Alvin Bowles, Facebook VP of Global Publisher Sales and Operations, shares his perspective on success in business
Alvin Bowles, Facebook’s vice president of global publisher sales and operations, shared aspects of his life that have been crucial to his career, as well as recent controversies surrounding Facebook at talk Wednesday evening.
About 350 people attended the talk, which was part of the Yaffe Speaker Series led by Marketing lecturer Marcus Collins at the Ross School of Business. The series showcases individuals in business who are restructuring their fields.
At the event, Bowles discussed many of the factors that lead him to where he is today, such as a strong community. Growing up in Detroit, he relied heavily on his family’s community ties and cultivated his own. As a student at the University of Michigan, he said he found an intricate web of support from students and alums that he still uses today. After graduating, he went on to work for JP Morgan & Chase, Sony, Time Warner and eventually Facebook.
Bowles said a strong sense of community in Ann Arbor helped him get out of his comfort zone and achieve his goals. He said it was difficult relocating from Michigan to New York City, but he was able to stay in New York because of the connections he built with alumni who helped him feel confident in his own abilities.
“I learned a valuable lesson: Comfort zones don’t make your life safe, they make your life small,” Bowles said. “For me, New York was a foreign place… I didn’t have any friends and I didn’t know anybody but I leaned on my Michigan community, to be able to give me a sense of … family.”
LSA freshman Dilpreet Kaur told The Daily she was motivated by Bowles’ story because his path unfolded over time, rather than following a predetermined track.
“He started talking about how he didn't really know how he was going to start off (his career) or what his end goal was,” Kaur said. “... I feel that’s very inspirational and someone gives you hope that you’ll make it and it doesn’t necessarily have to be set out or there doesn’t need to be a blueprint or framework with regards to what you want to do.”
About four years ago, Bowles was hired at Facebook to lead their audience networking department. He described audience networking as technology that makes advertisements more viable for small business owners and directs them toward the proper audience. Bowles spoke in about his passion for his department and for the larger mission of Facebook.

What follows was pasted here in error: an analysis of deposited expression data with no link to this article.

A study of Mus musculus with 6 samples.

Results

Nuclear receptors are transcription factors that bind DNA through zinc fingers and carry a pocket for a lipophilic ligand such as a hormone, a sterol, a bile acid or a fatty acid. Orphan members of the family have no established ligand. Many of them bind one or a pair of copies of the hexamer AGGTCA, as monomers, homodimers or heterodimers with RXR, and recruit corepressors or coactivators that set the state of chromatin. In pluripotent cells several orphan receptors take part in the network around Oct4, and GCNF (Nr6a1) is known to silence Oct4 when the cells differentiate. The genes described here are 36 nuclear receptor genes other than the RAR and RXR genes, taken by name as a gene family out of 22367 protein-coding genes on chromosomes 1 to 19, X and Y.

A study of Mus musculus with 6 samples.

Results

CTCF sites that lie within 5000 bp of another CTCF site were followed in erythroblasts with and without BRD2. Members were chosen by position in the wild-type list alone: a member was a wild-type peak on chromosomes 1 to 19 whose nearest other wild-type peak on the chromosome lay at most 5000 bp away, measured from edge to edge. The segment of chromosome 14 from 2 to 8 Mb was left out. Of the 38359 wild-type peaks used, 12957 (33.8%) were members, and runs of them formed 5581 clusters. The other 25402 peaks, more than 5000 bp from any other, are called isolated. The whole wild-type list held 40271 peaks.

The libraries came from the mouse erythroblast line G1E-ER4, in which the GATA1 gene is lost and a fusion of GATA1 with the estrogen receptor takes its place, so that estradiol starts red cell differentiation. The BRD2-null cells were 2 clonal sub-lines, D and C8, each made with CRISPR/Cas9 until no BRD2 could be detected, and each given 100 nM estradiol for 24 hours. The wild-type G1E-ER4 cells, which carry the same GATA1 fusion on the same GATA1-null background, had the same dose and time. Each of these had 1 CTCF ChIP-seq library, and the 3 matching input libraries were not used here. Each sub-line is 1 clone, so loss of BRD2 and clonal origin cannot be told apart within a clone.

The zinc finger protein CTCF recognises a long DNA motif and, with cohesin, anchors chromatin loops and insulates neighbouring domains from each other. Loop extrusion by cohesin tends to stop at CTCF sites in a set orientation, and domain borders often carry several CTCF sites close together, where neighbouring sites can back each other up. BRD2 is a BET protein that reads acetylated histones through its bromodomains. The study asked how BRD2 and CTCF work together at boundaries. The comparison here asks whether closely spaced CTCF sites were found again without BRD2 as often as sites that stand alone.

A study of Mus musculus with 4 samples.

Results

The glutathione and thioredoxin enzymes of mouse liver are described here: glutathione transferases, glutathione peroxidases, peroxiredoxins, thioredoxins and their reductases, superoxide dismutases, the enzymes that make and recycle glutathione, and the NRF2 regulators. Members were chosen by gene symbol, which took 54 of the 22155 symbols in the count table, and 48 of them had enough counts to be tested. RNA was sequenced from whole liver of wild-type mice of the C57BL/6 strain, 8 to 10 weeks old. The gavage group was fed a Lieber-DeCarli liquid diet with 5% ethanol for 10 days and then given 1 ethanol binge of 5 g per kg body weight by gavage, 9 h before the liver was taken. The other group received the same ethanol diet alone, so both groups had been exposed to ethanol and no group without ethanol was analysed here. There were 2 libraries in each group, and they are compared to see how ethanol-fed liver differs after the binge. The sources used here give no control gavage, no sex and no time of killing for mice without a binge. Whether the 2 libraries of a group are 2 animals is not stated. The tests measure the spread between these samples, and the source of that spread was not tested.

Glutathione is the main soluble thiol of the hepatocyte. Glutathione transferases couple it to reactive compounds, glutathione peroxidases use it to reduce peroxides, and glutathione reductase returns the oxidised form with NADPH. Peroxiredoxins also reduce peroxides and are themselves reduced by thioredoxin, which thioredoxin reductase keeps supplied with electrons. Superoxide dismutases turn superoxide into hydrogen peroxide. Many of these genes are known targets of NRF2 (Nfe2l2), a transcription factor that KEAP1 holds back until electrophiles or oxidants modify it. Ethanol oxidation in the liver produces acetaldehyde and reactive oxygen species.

“This is our mission: to give people the power to build community and bring the world closer together,” Bowles said. “At its core, that’s what we’re about. We’re a platform that is focused on delivering on this mission. This is about the democratization of voices… and I believe in what we do. I believe in the people that we do it with.”
In addition to discussing Facebook’s mission, he talked about their recent trials in Washington, D.C., regarding their information privacy issues, which he had recently discussed with Facebook CEO Mark Zuckerberg and chief operating officer Sheryl Sandberg.
“Four years ago, Facebook probably could do no wrong in the eyes of the press and public opinion,” Bowles said. “Not so much anymore… We serve 2.7 billion people a month, 2.1 billion daily utilizing our services. That’s an enormous responsibility, and you're not going to get it right all the time. The key is to be able to focus on how do you actually get the purity of intent, and what you’re trying to do, and ensuring that how we’re actually approaching how we talk about what we do, and ensuring that our mission actually means something.”
Bowles acknowledged Facebook’s role in protecting users and cited the company’s infancy as a challenge. Bowles said he is hopeful this experience will strengthen the company.
“I think that the challenges associated (with) what we’re dealing with will make us a better company in the future, but we have to take responsibility for the things that we’re doing,” Bowles said. “I don’t know that we've actually talked about this in the best possible way, we're getting better at it. But we also got to remember, our company is not that old.”
Business junior Coleman Heffner, who is part of the Yaffe Speaker Series planning team, told The Daily he enjoyed hearing about Bowles’ dedication to Facebook’s mission.
“What Facebook means to him (stood out to me) because with a giant company such as Facebook, some people would feel drowned out or just a small part of it,” Heffner said. “Obviously, he’s in a higher role with it but I still like the fact that he can take his work and through the company can say ‘this is exactly what this giant company means to me in this small role that I impact directly,’ because I feel like anyone wants to be in that spot when they get into a job eventually.”
Bowles left the audience with some advice for students seeking a career in business. He told them to work on being a proficient communicator and doing things that scare them.
“I think at the end of the day, it’s faith and fear and you have to treat both of these things the same; they are both imposters,” Bowles said. “At the end of the day, they’re both the same in that you have to go through both of them not having all the facts. You have to believe in something you can’t see.”